My heart sank after yet another unwelcome sight: a herd of pronghorn over 800 yards away and running as fast as they could. I was up on Wyoming on the opening day of pronghorn season and finding pronghorn wasn’t a problem. Unfortunately, I was really having trouble approaching to within shooting distance.
The wide open country made things difficult enough, but I was also hunting on public land and there were dozens of other hunters out there with me trying to fill their tags on the first day of the season. While I came close to pulling the trigger on a nice buck during the early in the morning, he turned tail and ran after spotting a couple of other hunters who took a little too much interest in him.
It didn’t take long at all for most of the other pronghorn to learn that hunting season had opened and they didn’t stick around after spotting human activity. I spent most of the rest of the day driving around the GMU and getting a feel for the land. I saw literally hundreds of pronghorn, but they were always hundreds of yards away and would take off at full speed the minute I stopped or even slowed down.
However, I also noticed a few very encouraging sights. First, most other hunters stayed very close to the roads and did little walking. Second, the pronghorn were concentrated in areas close to water.
Now, neither of those things were very surprising. After all, the GMU had very good road access and was pretty dry. However, I discovered a couple water holes that weren’t visible from the road that afternoon. The pronghorn hanging out in one especially promising location spotted me and left, but I figured that would be a good place to hit first thing in the morning the next day.
Well, that’s just what I did.
I woke up long before the sun rose and parked two ridge lines away from the valley full of water and green grass that I intended to hunt. In contrast to the previous day, there was not another hunter in sight that morning. I slipped out of my truck and readied my gear.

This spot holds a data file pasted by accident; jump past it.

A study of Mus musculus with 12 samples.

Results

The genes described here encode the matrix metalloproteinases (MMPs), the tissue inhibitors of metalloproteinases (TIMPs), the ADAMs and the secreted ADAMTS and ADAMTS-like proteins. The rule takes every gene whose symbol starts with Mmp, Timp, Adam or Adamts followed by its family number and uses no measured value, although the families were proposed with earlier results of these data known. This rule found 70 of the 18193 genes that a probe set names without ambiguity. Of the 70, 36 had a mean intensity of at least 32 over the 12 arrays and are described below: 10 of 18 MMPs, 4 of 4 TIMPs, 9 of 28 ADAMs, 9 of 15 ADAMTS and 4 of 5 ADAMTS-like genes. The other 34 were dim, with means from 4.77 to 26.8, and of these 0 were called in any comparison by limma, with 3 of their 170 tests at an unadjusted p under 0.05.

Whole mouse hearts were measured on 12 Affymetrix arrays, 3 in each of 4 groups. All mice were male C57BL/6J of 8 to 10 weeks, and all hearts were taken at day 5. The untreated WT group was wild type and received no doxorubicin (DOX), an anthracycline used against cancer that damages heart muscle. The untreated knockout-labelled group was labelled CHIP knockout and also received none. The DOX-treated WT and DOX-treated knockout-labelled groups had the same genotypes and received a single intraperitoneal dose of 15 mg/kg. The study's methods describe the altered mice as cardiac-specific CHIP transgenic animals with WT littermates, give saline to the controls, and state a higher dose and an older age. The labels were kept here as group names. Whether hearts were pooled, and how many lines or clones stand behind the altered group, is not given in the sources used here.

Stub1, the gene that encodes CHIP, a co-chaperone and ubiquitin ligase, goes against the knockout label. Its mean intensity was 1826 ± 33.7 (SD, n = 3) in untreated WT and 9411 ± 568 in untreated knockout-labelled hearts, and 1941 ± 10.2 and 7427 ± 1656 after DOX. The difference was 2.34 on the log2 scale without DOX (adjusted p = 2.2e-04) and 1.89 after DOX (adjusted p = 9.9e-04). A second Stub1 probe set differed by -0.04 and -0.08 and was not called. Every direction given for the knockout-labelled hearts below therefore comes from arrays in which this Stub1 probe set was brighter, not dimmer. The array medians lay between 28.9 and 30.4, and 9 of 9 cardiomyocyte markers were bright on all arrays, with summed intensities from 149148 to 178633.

Keeping the rising sun at my back and doing my best to use the terrain to mask my movements from the pronghorn I couldn’t yet see, but knew were there, I stealthily crept across the prairie. After a few hundred yards, I reached a dry creek bed that ran towards the valley I intended to hunt. I climbed down its steep walls and used the concealment it provided to move faster without worrying about being spotted.
Every hundred yards or so I’d pop up like a prairie dog and search the surrounding countryside for pronghorn. After doing that a couple of times, I saw what I was looking for: a buck feeding along a ridge about a mile away. He was too far off to judge accurately, but he was obviously a mature buck.
I shot an azimuth to the buck with my compass and used that information to plot his location on my GPS. He was exactly where I’d hoped I’d find some pronghorn that morning. He was also in a spot where nobody could see him from the road, which eased my fears that another hunter would spook him. The buck obviously knew he’d found a good spot and was casually feeding without a care in the world.
Reasonably confident that he wouldn’t leave any time soon, I identified a good shooting position on the ridge opposite the buck and planned my stalk. After backtracking a few hundred yards, I scurried out of the creek bed using the cover of another ridge. At a brisk trot, I covered over a thousand yards behind the ridge until I was parallel with the buck.
While taking a minute to catch my breath, I quietly chambered a round in my rifle and put on hearing protection. After slowly creeping up the ridge, I dropped down onto my belly and slithered over the top.
The buck was right there where I left him. Unfortunately, a quick check with my laser rangefinder confirmed that he was still over 400 yards away. While I was considering my next move, the buck miraculously turned and started walking directly in my direction and dropped out of sight below me. Inch by inch, I crawled over the crest until the buck and about twenty does and fawns came into sight.
Fortunately, my caution had paid off that morning and I was in an ideal shooting position above a big group of pronghorn that had no idea I was there. A quick inspection of the herd determined that the buck in question was indeed the biggest one there.
The shot from my .300 Win Mag echoed across the prairie and the rest of the pronghorn took off, leaving the buck where he fell. Less than an hour later, he was in my cooler as I drove back to camp.